Naivasha, Kenya, 14-15 October 2019 - Over 150 criminal justice actors and experts gathered in Naivasha to discuss criminal justice reforms in the country. The first National Conference on Criminal Justice Reform was hosted by the National Council on the Administration of Justice (NCAJ) and the National Committee on Criminal Justice Reform (NCCJR) to create an all-inclusive consultation process with all the stakeholders in the criminal justice system.

The conference aimed to improve the collective response of Kenya’s criminal justice system towards systemic problems such as prison overcrowding and inequitable access to justice, especially for children and vulnerable people. Some of the institutions represented at the conference were the Office of the Director of Public Prosecutions (ODPP), the Judiciary, the Council of Governors, the Attorney General’s Office, the Ethics and Anti-Corruption Committess (EACC), the National Police Service and the Directorate of Criminal Investigation (DIC).

Opening the conference, the Chief Justice of Kenya, Hon. David Maraga, said that the constitution calls for collaboration, cohesion and seamless delivery of services to the people. “Identification and interrogation of key questions to be addressed, gaps and challenges affecting justice sectors will help us improve administration of justice – the cornerstone of the entire sector,” Hon. Maraga said.

The Director of Public Prosecutions, Mr Noordin Haji, acknowledged in his remarks that the NCAJ is tasked with responsibilities that extends to the entire administration of justice and that the ODPP is open to collaboration. “The ODPP wants to assure you that we will keep supporting these processes,” Mr Haji said. “We have to ensure that we interrogate ourselves and get solution to some of the hurdles we are faced with as players in the justice system.”

The Commissioner General of Prisons, Wycliffe Ogalo, noted the staggering number of prisoners in both remand and correctional centres, including children and other vulnerable people. He said in his remarks that there is a total of 53,935 people in prison, of which 5,999 prisoners are serving life sentences, including children accompanying their mothers to prisons.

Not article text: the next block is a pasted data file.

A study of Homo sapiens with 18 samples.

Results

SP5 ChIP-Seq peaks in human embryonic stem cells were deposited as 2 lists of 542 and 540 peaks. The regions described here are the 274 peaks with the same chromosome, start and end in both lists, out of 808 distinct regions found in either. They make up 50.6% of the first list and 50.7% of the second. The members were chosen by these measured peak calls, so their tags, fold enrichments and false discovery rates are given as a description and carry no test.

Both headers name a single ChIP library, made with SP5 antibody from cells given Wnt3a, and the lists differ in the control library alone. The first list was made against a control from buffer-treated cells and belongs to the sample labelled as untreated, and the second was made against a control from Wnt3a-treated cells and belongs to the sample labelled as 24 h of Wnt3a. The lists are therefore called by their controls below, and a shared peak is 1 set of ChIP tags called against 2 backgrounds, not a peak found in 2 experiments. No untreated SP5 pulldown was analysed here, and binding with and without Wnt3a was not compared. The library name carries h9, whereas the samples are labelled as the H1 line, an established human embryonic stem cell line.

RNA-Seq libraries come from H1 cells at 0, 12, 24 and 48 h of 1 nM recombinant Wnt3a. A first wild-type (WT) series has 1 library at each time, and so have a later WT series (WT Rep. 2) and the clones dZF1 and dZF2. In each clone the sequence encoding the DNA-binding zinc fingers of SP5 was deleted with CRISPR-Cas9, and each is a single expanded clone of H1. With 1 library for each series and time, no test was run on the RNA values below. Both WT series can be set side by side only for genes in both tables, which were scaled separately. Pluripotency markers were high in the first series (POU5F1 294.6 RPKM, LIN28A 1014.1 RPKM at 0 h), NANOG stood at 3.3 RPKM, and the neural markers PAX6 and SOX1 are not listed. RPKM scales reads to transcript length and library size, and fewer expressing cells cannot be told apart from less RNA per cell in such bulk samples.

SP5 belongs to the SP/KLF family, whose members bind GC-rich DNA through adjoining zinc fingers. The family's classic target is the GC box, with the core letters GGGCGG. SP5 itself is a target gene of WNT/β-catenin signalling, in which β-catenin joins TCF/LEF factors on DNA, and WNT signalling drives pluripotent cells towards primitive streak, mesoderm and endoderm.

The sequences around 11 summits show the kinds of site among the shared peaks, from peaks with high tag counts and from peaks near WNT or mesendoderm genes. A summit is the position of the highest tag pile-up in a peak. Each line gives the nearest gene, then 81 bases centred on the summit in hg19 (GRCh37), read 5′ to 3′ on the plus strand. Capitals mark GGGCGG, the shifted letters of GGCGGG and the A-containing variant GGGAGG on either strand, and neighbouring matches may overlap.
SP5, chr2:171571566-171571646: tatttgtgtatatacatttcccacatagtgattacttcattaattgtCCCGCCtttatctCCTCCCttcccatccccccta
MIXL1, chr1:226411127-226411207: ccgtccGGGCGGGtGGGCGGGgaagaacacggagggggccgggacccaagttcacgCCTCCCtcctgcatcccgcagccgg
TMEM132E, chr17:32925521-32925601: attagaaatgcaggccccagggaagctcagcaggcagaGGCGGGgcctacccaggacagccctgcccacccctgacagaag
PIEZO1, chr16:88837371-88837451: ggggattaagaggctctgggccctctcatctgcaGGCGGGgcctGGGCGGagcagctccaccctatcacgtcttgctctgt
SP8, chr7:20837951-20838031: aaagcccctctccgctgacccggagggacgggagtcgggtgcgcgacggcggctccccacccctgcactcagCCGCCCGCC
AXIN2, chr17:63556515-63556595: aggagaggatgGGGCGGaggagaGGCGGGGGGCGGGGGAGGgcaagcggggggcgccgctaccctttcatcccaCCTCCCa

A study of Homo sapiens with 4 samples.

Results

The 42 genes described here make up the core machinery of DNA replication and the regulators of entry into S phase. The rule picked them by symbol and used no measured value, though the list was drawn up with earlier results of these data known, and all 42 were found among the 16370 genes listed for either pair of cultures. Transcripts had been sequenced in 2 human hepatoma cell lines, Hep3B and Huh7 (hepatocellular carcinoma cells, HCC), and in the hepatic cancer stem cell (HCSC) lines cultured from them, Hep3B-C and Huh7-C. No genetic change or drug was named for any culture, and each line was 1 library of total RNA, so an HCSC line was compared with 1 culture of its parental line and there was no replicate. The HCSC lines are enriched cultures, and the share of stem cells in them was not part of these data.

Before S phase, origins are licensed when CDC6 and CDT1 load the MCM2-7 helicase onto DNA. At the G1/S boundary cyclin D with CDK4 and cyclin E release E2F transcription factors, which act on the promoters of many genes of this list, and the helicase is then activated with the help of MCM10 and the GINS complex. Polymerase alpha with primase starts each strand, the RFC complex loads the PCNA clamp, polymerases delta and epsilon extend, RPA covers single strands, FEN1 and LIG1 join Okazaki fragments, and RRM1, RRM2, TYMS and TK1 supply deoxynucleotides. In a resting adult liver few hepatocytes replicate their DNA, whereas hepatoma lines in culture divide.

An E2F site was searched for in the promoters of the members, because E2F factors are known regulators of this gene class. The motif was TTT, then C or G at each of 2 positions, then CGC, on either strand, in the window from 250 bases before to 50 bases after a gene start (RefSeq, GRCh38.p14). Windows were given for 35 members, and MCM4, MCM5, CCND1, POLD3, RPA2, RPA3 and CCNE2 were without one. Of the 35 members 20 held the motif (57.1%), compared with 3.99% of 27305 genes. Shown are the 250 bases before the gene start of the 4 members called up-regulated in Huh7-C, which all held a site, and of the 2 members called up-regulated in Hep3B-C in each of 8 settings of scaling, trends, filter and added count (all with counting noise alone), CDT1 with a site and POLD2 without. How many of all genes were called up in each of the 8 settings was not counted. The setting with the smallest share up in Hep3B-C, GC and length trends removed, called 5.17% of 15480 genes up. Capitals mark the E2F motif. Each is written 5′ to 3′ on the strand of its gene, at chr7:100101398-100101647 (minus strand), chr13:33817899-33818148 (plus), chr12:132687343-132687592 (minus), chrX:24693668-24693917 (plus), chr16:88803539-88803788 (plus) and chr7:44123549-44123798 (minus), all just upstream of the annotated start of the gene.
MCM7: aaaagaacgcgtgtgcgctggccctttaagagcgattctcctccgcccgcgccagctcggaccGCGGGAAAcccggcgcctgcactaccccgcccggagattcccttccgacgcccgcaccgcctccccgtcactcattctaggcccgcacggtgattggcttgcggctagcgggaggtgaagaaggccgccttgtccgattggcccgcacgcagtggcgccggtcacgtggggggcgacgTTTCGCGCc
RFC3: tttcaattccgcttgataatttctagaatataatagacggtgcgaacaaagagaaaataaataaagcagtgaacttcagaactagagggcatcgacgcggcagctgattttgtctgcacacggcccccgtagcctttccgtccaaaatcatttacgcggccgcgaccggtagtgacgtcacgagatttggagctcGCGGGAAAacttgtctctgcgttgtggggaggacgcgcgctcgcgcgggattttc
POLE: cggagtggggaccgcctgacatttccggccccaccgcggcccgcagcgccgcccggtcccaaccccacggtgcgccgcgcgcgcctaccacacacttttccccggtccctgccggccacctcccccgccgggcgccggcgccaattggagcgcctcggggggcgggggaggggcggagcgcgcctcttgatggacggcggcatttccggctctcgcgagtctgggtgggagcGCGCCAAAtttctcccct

The two-day conference was supported by UNODC through PLEAD, a KES 4.2 billion (EUR 34.15 million) partnership funded by the European Union that is improving the delivery of justice services and use of alternatives to imprisonment in Kenya. UNODC is providing technical assistance to five criminal justice institutions to strengthen the administration of justice - the National Council on the Administration of Justice, the Judiciary, Probation and Aftercare Service, Witness Protection Agency and the ODPP.

“PLEAD is committed to working with the NCAJ and justice sector agencies to enhance reforms as well as expeditious, efficient and effective service delivery to the people,” the UNODC Eastern Africa Crime Prevention and Criminal Justice Head, Ms Charity Kagwi said.

UNODC, along with the NCAJ and representatives from the participating criminal justice institutions, are currently drafting recommendations to address the concerns highlighted at the conference, especially noting the need for a strategy on reduction of prison populations.